TORONTO – Canada has begun revoking citizenship from 3,100 people that the government said obtained it fraudulently, the country's immigration minister said Monday.
Immigration Minister Jason Kenney said that in most of the fraud cases, applicants paid a representative to prove they were living in Canada to establish residency when they were, in fact, living abroad.
Permanent residents must reside in Canada for three out of four consecutive years before applying for Canadian citizenship. To retain their status as permanent residents, they must live in Canada for two out of five years, with rare exceptions.
Criminal investigations by the Royal Canadian Mounted Police and the Canadian Border Services Agency have found that a family of five could pay over $25,000 over four or more years to create the illusion of Canadian residence.
The government said it is also investigating thousands of others who may have lied to obtain or maintain permanent residency. Kenney said anyone caught committing fraud will be stripped of citizenship and residence status.
"Canadian citizenship is not for sale," Kenney said during a news conference Monday. "We will not stand idly by and allow people to lie and cheat their way into Canadian citizenship."
Kenney has said that Canada's per-capita immigration rate remains one of the highest in the world, with the country welcoming 248,660 permanent residents in 2011. An average of about 250,000 immigrants has been admitted to Canada annually since 2006, which the immigration department calls the highest sustained level of immigration in Canadian history.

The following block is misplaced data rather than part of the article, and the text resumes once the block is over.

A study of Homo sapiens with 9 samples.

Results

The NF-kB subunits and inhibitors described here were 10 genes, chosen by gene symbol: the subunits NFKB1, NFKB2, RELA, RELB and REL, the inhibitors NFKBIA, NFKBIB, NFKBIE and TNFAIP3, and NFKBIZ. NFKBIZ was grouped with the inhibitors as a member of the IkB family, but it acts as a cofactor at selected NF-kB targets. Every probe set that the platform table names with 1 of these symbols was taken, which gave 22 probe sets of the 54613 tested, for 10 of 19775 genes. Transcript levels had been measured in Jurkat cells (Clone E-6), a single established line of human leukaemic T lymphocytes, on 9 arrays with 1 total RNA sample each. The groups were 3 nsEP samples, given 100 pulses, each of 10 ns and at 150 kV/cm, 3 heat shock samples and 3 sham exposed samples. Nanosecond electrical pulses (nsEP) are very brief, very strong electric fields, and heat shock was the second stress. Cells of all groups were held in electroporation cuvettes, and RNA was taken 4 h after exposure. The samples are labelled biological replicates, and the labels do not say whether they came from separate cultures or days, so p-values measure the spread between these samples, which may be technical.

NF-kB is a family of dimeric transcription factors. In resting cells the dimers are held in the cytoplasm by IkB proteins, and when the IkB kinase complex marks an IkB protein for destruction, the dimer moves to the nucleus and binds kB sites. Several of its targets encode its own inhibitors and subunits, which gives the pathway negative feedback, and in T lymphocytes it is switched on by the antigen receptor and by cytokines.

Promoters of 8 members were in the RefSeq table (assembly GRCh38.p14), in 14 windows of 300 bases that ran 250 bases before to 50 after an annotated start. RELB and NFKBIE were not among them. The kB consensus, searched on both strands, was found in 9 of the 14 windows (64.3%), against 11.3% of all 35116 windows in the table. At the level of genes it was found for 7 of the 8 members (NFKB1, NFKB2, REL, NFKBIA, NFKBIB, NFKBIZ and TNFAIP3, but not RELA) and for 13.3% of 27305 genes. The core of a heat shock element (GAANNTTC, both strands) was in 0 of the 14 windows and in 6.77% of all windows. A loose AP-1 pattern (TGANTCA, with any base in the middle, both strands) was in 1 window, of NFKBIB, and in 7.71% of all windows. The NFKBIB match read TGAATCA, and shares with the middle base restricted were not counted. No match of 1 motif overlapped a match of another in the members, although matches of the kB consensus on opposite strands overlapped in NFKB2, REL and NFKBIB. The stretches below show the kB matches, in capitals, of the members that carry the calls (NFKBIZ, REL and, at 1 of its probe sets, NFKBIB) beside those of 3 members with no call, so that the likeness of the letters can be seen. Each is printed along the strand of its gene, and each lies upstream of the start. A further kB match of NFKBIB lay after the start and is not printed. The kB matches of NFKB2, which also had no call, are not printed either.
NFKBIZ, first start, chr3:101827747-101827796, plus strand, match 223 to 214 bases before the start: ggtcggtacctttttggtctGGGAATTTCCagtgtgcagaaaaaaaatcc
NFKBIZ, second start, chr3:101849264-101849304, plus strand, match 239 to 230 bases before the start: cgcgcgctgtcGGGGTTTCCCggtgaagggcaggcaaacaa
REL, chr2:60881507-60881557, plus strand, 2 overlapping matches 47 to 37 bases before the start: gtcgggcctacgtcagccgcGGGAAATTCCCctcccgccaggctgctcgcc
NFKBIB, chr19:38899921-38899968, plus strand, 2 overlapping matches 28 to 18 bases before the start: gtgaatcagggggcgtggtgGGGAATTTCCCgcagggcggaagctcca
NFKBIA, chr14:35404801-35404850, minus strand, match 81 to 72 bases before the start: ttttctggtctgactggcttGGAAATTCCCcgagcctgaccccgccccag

The minister said a crack-down on immigration fraud started three years ago, with nearly 11,000 individuals potentially implicated in lying to apply for citizenship or maintain permanent resident status.
He said federal agencies have so far removed or denied admittance to more than 600 former permanent residents linked to the investigations.
Kenney also said he is planning to introduce amendments to the Citizenship Act that would require immigration consultants to be members of a regulatory body, which he said may help crack down on crooked consultants.